Syrians walk past a destroyed building in the rebel-held town of Douma, on the eastern outskirts of Damascus, on December 30, 2016, on the first day of a nationwide truce (Photo: AFP)
Fighting in parts of Syria on Sunday threatened a shaky ceasefire brokered by Russia and Turkey, whose efforts to kickstart talks towards ending the conflict won backing from world powers.
The nationwide truce between the regime and non-jihadist rebels aims to smooth the way for peace talks in Kazakhstan later this month orchestrated by Damascus's allies Moscow and Tehran and rebel backer Ankara.
The UN Security Council on Saturday unanimously approved a resolution supporting the Russian and Turkish initiative aimed at ending the nearly six-year-old war that has killed more than 310,000 and displaced millions.
Air raids and clashes have continued to shake parts of the country since the ceasefire started at midnight Thursday, according to the Syrian Observatory for Human Rights, a Britain-based monitor of the war.
Four civilians and nine rebels have been killed since the truce took effect, according to the group, which relies on a network of sources in Syria for its information.
The air strikes and fighting "are unlikely to lead to the ceasefire collapsing, but they are violations of the deal," Observatory head Rami Abdel Rahman said.
In northern Syria, regime air strikes Sunday targeted the rebel-held town of Atareb, the monitor said.
On Saturday night, rebels shelled Fuaa and Kafraya, two besieged Shiite-majority villages in northwestern Syria.
Outside Damascus, the Observatory reported exchanges of fire between the regime and rebels in Eastern Ghouta, where President Bashar al-Assad's forces have waged a months-long offensive to retake an opposition bastion.
The truce excludes the Islamic State group and former Al-Qaeda affiliate Fateh al-Sham Front.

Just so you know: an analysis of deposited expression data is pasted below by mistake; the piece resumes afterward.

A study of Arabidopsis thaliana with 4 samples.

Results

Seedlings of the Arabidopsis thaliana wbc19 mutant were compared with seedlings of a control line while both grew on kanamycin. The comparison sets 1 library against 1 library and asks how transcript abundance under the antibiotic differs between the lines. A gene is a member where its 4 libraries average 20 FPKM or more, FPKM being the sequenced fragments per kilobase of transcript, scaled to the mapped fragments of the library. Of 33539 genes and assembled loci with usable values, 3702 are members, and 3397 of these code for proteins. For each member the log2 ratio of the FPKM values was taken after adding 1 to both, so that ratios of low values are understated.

Saturday's UN resolution "welcomes and supports the efforts by Russia and Turkey to end violence in Syria and jumpstart a political process" and hails the planned talks in the Kazakh capital Astana as "an important step".
The measure also calls for the "rapid, safe and unhindered" delivery of humanitarian aid in Syria.
In Eastern Ghouta's Hammuriyeh area, Syrian activists late Saturday marked the New Year by decorating a tree with lights and pictures of the war's victims over the past year, an AFP photographer said.
The Observatory says a total of 60,000 people lost their lives in violence across Syria in 2016, more than 13,000 of them civilians.
Syria's conflict began in 2011 with the brutal repression of anti-government protests and has since spiralled into a multi-front war involving various sides and international players.
Russia and Turkey say the Astana talks in late January will supplement, not replace, UN-backed peace efforts, including negotiations set to resume on February 8 in Geneva.
Moscow and Ankara have been working increasingly closely on Syria, including on a deal to allow the evacuation of civilians and rebels from the besieged northern city of Aleppo last month.
The fighting in Syria has occasionally spilled over into neighbouring Turkey, with several attacks blamed on IS or Kurdish militants.
In the latest violence, 39 people, including many foreigners, were killed Sunday when a gunman went on a rampage at an exclusive nightclub in Istanbul where revellers were celebrating the New Year.
No group has so far claimed responsibility for the attack.
Turkey has waged a four-month incursion in Syria that it says is to expel IS and Kurdish fighters from the border area.
Washington has been noticeably absent from the new process to end Syria's conflict but has called the truce "positive".
Moscow -- which has been supporting Damascus with air strikes since 2015 -- has said it hopes to bring US President-elect Donald Trump's administration on board once he takes office later this month.
On Saturday, in the coastal regime stronghold of Tartus, two suicide bombers blew themselves up at a security roadblock, killing two members of the regime forces.